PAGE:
When I’ve answered the “Why We Chose It” imperative about reviews on KROnline in the past I’ve focused on the books we’ve chosen to review, and I could go on here about how impressed I’ve been by Pamela Erens’s work, which has been rightly compared to James Salter’s—no minor compliment, that.
But it occurred to me: why not consider why we chose the reviewer? The solid literary review of the solid literary novel requires a certain lightness of touch, a certain acuity matched by a certain inherent affinity for the endeavor. Vanessa Blakeslee excels at these things.
I do not remember how I came to begin working with Blakeslee. What I do know is that in the handful of pieces she’s written for us, she’s expertly balanced those extraordinary demands of the book reviewer that I know I, for one, so value: to have a “take” on the book which is clearly discernible from the outset. To give a thorough synopsis while succinctly making qualitative judgments (“Erens’s eye for detail isn’t confined to her principal characters,” Blakeslee writes). To conjure prose as lithe and adept as the prose of the book in hand.
In sitting down to write this WWCI, I pulled down off the shelf my worn copy of Randall Jarrell’s collected nonfiction, No Other Book, which incidentally I dog-eared and annotated while I was an undergraduate at Kenyon College. Jarrell’s tongue could be as lacerating as any critic since Carlyle, but his humor and keen intellect always kept his voice buoyant. In his great essay “The Age of Criticism,” Jarrell wrote, “Chances are that it has never occurred to the young critic to write a story or a poem. The new critic is but old scholar writ large.” Our reviewer here—reviewer not critic—and I make that distinction not haphazardly—has written a collection of stories, and has a novel forthcoming. Many of the reviewers I’ve worked with in my years as a Book Review editor at KR have published well-received books, or have novels, memoirs, story collections on the way: Marie-Helene Bertino, Elliott Holt, Amy Butcher, Patrick Dacey, to name a few. The book reviewer at KRO these days is not a critic, for the most part. But she is—we are—the product of a different age from Jarrell’s. She is the book reviewer: the writer who meets a book at its premise, with attendant generosity first, who knows to describe what’s wrong when she finds something lacking, but whose job is primarily to present to our reader what she finds in a book, reading it with her mind and her heart, but primarily with her spine, as Nabokov implored his students to do.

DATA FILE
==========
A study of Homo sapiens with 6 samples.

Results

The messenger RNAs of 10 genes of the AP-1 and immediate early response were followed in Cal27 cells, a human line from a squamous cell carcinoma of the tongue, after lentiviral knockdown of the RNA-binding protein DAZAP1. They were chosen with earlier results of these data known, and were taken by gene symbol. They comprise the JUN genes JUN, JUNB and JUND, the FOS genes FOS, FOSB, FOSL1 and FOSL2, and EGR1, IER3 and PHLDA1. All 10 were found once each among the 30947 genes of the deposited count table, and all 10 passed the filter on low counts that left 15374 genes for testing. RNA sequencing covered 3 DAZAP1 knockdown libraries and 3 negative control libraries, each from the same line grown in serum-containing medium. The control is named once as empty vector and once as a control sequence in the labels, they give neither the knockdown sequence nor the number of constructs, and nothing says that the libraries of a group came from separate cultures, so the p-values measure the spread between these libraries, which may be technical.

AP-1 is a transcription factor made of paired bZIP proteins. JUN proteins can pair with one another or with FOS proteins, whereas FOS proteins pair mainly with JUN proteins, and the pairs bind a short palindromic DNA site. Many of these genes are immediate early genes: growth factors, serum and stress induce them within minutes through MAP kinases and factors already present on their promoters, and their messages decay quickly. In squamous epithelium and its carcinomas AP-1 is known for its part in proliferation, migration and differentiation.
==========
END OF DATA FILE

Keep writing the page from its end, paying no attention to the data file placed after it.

It occurs to me that while we have fine criticism still, and find it in the beautiful essays of James Wood or Daniel Mendelsohn or in the pages of vibrant publications like n+1 or the New Inquiry or The Los Angeles Review of Books, we do not live in an age of criticism. We do not live in “a thought-tormented age,” as Gabriel in Joyce’s “The Dead” feared we did. I don’t know that I want to pronounce what kind of age we do live in—I know it’s an age that produces so much prose every minute one couldn’t properly read it all, let alone criticize it. But I do feel this: The book critic and the book reviewer do not have the same job. “Write so as to be of some use to a reader,” Jarrell states late in his indispensible essay, and I take it to heart, or more accurately to my spine, “—a reader, that is, of poems and stories, not of criticism.”